What's right and wrong with GCSEs.
What's wrong is how ridiculously constrained GCSEs are by an over-prescribed curriculum; what is right is how this is now being challenged.
The QCA's defence of its decision not to allow IGCSEs in English state schools shows all the characteristics of an overblown bureaucracy under attack. http://www.qca.org.uk/downloads/qca-06-2974_gcse_igcse_compared.pdf The basic accusation is that the IGCSE is not a GCSE. Hurrah! The QCA ought to be a body which encourages innovation, which looks to all possible ways of improving our examination and qualifications system, and which gives any that come up to the quality mark its imprimatur. To say that IGCSE is inadequate is ridiculous -- it is used and applauded by many of the best schools in this country.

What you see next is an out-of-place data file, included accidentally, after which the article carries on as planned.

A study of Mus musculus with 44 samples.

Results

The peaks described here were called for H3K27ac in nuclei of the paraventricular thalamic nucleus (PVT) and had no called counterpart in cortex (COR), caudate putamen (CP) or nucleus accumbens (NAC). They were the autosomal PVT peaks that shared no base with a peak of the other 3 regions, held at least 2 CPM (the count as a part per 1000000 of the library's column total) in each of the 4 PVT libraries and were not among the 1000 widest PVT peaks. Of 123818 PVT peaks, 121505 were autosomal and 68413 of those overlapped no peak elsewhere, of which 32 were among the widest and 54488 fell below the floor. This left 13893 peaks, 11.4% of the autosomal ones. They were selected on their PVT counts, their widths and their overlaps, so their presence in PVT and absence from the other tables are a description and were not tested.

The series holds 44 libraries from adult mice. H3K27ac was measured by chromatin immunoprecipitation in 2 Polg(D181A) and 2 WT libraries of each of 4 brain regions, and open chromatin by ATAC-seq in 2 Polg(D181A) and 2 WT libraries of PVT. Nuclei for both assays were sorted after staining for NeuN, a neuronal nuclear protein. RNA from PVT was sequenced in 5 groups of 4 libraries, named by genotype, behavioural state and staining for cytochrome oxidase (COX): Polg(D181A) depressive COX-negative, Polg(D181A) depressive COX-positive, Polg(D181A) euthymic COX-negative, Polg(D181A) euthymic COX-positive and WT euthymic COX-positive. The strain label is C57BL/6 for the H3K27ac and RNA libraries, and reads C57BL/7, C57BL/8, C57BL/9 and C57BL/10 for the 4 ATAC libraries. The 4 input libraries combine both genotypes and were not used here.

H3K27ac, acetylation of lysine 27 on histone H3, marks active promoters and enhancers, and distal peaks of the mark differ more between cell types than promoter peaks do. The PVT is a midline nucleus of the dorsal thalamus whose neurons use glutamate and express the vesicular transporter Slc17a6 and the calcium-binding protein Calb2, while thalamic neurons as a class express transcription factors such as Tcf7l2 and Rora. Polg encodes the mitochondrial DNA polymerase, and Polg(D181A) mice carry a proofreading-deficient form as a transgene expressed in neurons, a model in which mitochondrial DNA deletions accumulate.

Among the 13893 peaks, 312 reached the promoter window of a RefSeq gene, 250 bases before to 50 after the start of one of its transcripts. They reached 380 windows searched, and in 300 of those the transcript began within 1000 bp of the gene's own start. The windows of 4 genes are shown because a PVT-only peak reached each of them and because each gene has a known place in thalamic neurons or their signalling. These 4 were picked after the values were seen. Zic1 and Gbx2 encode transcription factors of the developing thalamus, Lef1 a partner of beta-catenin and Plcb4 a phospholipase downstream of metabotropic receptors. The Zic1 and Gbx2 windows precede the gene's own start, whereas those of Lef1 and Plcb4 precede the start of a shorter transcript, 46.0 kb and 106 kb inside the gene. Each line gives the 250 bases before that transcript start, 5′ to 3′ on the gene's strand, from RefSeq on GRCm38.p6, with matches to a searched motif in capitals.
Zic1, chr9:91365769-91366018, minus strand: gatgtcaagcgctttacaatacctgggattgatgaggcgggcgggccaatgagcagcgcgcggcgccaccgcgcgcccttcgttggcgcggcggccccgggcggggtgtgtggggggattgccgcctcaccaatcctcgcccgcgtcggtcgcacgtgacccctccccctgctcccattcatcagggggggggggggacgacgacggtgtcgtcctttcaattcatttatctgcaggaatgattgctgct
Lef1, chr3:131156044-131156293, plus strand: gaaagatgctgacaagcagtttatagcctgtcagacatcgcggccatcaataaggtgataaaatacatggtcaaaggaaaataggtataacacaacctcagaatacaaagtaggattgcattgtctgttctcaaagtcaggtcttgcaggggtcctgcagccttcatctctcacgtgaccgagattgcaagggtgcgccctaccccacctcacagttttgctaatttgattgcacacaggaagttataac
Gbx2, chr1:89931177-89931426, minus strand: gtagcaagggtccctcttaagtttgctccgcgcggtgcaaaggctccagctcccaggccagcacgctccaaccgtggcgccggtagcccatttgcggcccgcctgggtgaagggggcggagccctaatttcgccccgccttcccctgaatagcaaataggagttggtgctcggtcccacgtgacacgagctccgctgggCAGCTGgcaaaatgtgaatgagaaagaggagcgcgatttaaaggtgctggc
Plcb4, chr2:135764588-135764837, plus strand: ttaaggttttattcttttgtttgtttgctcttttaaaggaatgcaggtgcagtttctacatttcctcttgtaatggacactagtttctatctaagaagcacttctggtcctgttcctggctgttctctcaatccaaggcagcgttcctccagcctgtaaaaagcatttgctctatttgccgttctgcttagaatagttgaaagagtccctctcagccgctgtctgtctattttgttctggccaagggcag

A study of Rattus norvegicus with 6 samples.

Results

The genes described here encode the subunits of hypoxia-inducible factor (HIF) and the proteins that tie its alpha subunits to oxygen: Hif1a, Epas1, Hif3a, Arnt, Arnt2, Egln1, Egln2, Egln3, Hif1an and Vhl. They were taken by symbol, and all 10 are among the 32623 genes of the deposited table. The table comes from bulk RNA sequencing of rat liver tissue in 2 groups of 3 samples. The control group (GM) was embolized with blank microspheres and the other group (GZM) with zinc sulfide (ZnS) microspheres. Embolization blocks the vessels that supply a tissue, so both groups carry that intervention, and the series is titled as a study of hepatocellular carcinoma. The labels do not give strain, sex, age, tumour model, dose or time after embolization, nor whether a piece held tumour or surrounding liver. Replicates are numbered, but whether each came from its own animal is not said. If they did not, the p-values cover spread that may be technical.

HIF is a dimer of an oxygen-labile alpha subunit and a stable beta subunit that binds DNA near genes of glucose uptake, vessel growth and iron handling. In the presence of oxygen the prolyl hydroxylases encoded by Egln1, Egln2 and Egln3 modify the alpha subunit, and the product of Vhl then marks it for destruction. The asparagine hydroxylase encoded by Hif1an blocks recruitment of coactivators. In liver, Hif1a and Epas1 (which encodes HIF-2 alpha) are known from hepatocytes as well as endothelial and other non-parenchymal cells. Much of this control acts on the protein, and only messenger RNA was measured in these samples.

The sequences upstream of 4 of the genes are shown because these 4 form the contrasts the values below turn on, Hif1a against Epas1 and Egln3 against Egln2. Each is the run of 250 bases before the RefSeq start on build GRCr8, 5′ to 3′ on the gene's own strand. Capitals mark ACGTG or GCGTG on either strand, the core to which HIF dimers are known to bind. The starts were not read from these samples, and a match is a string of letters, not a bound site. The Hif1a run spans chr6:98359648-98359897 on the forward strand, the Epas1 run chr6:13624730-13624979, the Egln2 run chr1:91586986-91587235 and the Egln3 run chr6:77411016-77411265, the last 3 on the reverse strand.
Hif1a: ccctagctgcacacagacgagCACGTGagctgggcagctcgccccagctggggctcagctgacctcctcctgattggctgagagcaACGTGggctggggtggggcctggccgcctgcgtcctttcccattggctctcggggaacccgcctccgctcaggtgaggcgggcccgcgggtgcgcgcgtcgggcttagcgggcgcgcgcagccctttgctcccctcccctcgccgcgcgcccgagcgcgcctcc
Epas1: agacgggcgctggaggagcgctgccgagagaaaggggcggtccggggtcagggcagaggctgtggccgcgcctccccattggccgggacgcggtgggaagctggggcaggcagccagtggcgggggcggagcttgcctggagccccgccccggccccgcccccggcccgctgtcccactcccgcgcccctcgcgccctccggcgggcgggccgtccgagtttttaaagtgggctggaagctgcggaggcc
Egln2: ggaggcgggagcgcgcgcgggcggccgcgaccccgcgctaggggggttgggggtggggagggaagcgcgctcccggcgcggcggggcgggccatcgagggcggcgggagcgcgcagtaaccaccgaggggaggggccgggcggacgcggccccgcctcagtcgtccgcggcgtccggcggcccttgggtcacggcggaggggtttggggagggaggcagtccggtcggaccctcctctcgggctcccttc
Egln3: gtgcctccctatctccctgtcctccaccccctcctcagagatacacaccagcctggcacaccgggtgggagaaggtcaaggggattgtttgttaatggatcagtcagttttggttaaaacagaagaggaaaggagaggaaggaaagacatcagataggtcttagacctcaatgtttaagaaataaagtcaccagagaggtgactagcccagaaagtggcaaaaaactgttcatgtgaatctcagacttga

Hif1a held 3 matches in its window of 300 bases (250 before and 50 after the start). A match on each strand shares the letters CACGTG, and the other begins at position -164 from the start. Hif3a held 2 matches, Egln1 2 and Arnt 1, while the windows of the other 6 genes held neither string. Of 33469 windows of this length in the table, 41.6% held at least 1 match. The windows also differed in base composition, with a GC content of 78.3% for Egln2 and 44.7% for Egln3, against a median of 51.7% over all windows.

Not that the QCA is incapable. A fascinating article in the Independent: http://education.independent.co.uk/schools/article2005410.ece celebrates the new science GCSE, and the liberating effect that this has had on one girl's imagination. It's just that the QCA does not seem to realise that competition and variety are what spurs innovation and quality, and not direction from the top down.
The current chaos is totally constructive. The more competing examination systems we can have, the more likely it is that the one (or combination) that wins out will suit our schools and suit our pupils. If only the development of the new "specialist diplomas" for vocational education was following this route, rather than development by the cat which (if recent reports are to be believed) is headed swiftly for the rocks.